Congratulations, Canada! Your people take fewer holidays than folks in any other nation on Earth. Even China. That’s right, we here in the Great White North work more hours than people in a country that is in possession of a socio-political ideology that fuses hyper-capitalism and neo-communism.
Wow. Just writing that paragraph made me tired. I need a vacation.
Recently in up-and-coming “newspaper” the The Globe and Mail, John Ibbitson wrote a piece called “We work hard, they enjoy life” – the columnist not only showcases how far behind Canadians are from the global average of vacation days (which is just under 30), but Ibbitson also outlines that, according to a 2010 Ipsos/Reuters poll, less than 60% of Canadians actually make full use of our paltry number of vacation days. A study by the human capital consulting firm Mercer found that, on average, Canadian employers offer a meager minimum of 10 vacation days and just nine statutory holidays. China offers up two more holidays, the Americans are given about 15 days of vacation, and nearly 90% of the French use up all of their 40 days of vacation per year.
This got me thinking about productivity. There are quite literally millions of opinions and thousands of articles and blog posts on the subject and, as a hopefully productive leader of Canada’s experiential learning community, I felt it was important to explore this topic further.
I love the rumour/fact that the French are in possession of the most productive economy on the planet. The argument that the French get the most done while spending the least amount of time at work was recently put forward by Business Insider‘s John Carney and Vincent Fernando. The Wall Street Journal and MSNBC, however, counter with some solid arguments about American productivity – not only do Americans spend more time at work, but they also produce more wealth-per-person than anywhere else.
Whether true productivity comes from France or America it is pretty darn clear that it does not come from Canada. In fact, according to the Canadian Centre for Policy Alternatives, Canada has been on a bit of a productivity slide lately. This idea has been more recently affirmed by the The Star. We collectively contribute to billions of dollars in lost productivity each year because of illness (coming to work when we’re sick and/or hurting ourselves by working too much), mental health (burning out from the stress of what we do for a living), and not being able to clone Kurt Heinrich.
The logic of Spock is not needed to determine that our vacation days – or lack thereof – have something to do with our could-be-a-heckuvalot-better levels of productivity.
On my own I can’t change Canada’s number of statutory holidays. Only you writing to the most powerful man in the country, Steve Nash, can begin to solve this problem. What I can offer are some peer-reviewed and experientially proven strategies for making people happy. Because happy workers are productive workers. Here are some options to explore.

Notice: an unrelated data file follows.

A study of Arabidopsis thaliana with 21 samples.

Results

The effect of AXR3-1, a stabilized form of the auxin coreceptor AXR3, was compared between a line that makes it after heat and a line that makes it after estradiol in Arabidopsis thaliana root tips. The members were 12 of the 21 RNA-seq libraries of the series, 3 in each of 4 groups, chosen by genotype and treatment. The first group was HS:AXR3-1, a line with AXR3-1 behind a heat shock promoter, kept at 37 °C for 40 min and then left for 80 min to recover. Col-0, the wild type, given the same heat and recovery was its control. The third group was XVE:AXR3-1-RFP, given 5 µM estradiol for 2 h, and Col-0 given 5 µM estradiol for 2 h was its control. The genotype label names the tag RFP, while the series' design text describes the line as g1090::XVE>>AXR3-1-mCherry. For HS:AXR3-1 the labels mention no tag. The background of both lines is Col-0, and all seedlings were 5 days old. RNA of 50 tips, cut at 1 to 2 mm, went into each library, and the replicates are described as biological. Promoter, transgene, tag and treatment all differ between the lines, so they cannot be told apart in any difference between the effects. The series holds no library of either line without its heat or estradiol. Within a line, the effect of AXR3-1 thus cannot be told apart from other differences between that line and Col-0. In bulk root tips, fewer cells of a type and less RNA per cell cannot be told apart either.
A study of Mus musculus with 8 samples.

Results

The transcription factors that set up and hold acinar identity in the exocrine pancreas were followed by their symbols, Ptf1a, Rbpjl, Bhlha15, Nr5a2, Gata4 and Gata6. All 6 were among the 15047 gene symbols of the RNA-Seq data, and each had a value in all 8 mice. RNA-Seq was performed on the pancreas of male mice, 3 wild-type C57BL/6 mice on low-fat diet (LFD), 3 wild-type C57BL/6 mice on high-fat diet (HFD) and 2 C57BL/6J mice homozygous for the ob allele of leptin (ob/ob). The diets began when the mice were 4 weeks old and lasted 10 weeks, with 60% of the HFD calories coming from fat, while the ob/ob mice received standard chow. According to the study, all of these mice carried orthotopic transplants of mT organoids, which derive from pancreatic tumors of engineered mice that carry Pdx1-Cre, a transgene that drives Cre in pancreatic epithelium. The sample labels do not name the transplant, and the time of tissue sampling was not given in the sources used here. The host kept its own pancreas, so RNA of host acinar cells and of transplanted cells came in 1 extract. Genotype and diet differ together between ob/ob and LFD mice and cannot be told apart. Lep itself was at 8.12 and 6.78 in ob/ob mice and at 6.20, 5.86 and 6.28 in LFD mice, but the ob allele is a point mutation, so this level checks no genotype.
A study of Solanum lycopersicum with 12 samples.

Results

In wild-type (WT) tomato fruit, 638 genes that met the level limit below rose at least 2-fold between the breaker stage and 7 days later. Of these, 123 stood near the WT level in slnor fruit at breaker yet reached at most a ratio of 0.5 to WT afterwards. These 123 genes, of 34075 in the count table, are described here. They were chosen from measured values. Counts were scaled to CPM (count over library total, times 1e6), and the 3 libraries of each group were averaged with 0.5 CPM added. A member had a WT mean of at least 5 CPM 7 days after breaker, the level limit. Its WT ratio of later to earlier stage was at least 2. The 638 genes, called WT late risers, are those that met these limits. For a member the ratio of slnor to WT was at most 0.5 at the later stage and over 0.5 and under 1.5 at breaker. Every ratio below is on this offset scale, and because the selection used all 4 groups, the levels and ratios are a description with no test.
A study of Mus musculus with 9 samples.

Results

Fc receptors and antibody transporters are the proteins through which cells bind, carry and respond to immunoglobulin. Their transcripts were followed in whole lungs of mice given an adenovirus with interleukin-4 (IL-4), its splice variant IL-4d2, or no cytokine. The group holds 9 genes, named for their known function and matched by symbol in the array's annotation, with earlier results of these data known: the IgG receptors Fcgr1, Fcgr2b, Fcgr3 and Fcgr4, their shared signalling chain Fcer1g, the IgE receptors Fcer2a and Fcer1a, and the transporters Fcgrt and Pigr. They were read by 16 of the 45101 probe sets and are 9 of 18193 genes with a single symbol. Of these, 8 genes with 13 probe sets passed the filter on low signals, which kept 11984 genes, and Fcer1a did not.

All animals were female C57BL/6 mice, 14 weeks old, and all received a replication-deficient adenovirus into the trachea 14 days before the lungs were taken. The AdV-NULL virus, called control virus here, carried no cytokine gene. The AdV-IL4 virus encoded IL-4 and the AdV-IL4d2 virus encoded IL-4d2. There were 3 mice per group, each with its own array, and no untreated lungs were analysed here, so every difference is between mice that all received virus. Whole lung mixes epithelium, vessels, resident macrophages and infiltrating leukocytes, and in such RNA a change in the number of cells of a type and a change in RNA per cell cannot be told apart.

- Create curious employees who own your business and really care about it.
- Bring pets to the office because, studies show, people like animals.
- Allow for telecommuting and/or a workday that isn’t nine-to-five because this single thing eliminates gridlock traffic by enabling millions of people to not have to get to the same place at the same time down the same road. (About 82% of Fortune’s 2011 100 Best Companies to Work For list offer telecommuting).
- Embrace flex time and/or four day work weeks because not everything is open on Saturdays and Sundays.
- Foster trust with your employees and they’ll stick around forever (almost).
- Be nice and have fun because guys like Kevin Spacey’s character from horrible bosses don’t actually get people to work harder or faster.
Let the record show that any idea must jive with the values, mission and service standards of the company (e.g. if your clients are on site at nine o’clock in the morning until ten o’clock at night for seven days a week then it doesn’t make sense to arrive at eleven o’clock in the morning and work until six o’clock, right?) and the fairness of any decision should apply across all units. And, let’s face it, ideas like these are way more applicable for nimble organizations, as the scalability of “dogs in the office” at, say, the University of British Columbia is pretty darn unrealistic and, if poorly rolled out, could quite possibly result in over 12,000 canines on campus at the same time. Such a thing could take the adorableness of puppies at work down a few notches.
So there it is. Simple ideas can make people happy. And if people are happy we’ll be more productive. And if we’re more productive then maybe – just maybe – Canada will earn one or two more vacation days!